Software solutions have become essential to business operations in today's technology-driven world. From managing customer relationships to automating workflows, organizations rely on software to streamline processes, improve efficiency, and stay competitive. When it comes to acquiring a software solution, organizations have two main options: building one from scratch or buying an existing solution. While there are situations where building a custom solution may be necessary, in most cases, it is cheaper to buy a software solution rather than build one yourself. In this article, we will explore the economic reasons why this is often the case.
Following Economic Principles
The economic principle of "if you can buy it cheaper than making it, buy it" is rooted in the idea that market competition and efficiency lead to better outcomes for consumers and businesses. When it comes to software solutions, this principle holds especially true. It makes economic sense if an organization can buy a software solution that meets its needs for a lower cost than building one from scratch. Building a software solution from scratch requires significant investment in terms of time, money, tools, and human capital, which can all be better allocated toward the business priorities for which they were hired or acquired.
The Hidden Cost of Building
It can be tempting to code your own tools as a software developer instead of buying them. However, this can lead to several problems. First, it takes time away from developing the product or application you are hired to build. Secondly, the tool may be less robust and efficient than a professionally developed tool. Why? Because the developers coding the commercial tool are wholly focused on producing the product, you will build yourself part-time. Remember, humans get better at what they do. Generally speaking, your part-time effort will never outperform the full-time effort of someone else.
Third, maintaining and updating the tool can become a burden, taking even more time away from developing the code you are hired and incentivized to produce. Ultimately, it is essential to weigh the costs and benefits before deciding whether to code your own tools or purchase them from a reputable source. Simply thinking, "We can build that," is shortsighted and is a view not aligned with your company's business objectives.
When organizations buy a commercial software solution, they receive maintenance and support as part of the package. This support can include regular updates and upgrades, bug fixes, security patches, and access to technical support. By outsourcing these tasks to the software vendor, organizations can save significant time and resources, allowing them to focus on their core business operations. Given a commercial product is the outcome of a competitive market, off-the-shelf software solutions are often designed to be easily scalable, meaning they can accommodate an increasing number of users and handle larger amounts of data without significant investment in infrastructure.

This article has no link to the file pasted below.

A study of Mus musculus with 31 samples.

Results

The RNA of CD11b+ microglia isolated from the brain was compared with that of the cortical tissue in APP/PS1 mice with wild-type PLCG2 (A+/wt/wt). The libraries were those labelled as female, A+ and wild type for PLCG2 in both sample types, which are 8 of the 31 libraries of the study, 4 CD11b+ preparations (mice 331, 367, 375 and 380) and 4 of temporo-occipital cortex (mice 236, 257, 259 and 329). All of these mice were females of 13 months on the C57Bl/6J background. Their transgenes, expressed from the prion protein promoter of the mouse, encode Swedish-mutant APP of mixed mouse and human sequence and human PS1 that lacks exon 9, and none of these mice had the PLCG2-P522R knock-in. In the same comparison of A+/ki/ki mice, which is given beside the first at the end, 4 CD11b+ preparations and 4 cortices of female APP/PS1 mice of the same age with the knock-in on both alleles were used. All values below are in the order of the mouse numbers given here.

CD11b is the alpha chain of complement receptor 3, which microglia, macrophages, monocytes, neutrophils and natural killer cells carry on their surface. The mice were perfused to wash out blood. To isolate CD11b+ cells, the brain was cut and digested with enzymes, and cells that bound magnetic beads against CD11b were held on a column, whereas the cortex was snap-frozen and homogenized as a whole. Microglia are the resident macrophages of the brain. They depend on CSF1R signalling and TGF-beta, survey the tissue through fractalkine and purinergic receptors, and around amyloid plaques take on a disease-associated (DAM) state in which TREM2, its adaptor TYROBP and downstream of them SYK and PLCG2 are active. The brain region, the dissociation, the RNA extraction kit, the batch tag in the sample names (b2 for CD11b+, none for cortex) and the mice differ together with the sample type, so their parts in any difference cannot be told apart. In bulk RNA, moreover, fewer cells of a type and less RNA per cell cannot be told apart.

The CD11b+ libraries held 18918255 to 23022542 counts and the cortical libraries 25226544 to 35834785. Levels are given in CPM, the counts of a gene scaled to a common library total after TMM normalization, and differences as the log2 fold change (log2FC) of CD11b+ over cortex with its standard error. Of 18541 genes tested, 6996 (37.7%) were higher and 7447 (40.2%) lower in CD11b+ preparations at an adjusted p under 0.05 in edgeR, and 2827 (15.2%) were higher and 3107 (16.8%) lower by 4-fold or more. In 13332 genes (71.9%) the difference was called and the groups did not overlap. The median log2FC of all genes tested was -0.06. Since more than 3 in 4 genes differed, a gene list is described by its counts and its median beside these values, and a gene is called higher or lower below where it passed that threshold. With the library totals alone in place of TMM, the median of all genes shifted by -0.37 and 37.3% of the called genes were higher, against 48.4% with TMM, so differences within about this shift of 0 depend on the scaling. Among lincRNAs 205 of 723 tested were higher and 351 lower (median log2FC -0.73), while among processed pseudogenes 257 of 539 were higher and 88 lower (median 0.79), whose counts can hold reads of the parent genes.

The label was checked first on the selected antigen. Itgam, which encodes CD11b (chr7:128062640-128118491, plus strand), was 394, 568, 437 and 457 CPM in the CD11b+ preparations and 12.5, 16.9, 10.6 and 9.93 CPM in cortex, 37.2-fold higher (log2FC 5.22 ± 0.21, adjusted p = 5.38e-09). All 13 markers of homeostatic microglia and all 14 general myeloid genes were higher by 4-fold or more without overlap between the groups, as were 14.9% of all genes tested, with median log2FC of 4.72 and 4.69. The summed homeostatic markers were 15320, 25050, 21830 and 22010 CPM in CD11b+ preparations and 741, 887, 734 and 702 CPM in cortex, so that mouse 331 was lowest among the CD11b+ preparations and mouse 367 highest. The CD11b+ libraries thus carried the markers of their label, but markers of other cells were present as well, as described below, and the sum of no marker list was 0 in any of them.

The Big Picture
Because a software vendor has been exposed to many use cases from many different customers that are trying to do the same thing you are doing, the vendor can foresee the improvements and expansions your current myopic scenario will eventually need. You benefit from the vendor's experiences, who will improve and maintain their product without you investing in significant development efforts to do the same. Lastly, quality and security often take a back seat because an in-house developed tool is built off the cuff as a means to an end. Poor quality and security protocols can unintentionally expose your organization to risk.
Buying Isn't Always the Best
Of course, there may be situations where building a custom software solution is necessary. Creating a custom solution may be the most cost-effective option if your organization has unique or specialized requirements not met by off-the-shelf software or if the solution needs a high degree of customization to integrate with existing systems or workflows. However, in most cases, organizations can save money and benefit from the efficiency of a competitive market by buying a commercial software solution rather than building one from scratch.
In conclusion, the principle of "if you can buy it cheaper than making it, buy it" is a sound economic principle that applies to software solutions as much as it does to any other product or service. By carefully evaluating the costs and benefits of building versus buying a software solution, organizations can make the most cost-effective decision for their specific situation. In doing so, they can save money, increase efficiency, and achieve better outcomes for their business and customers.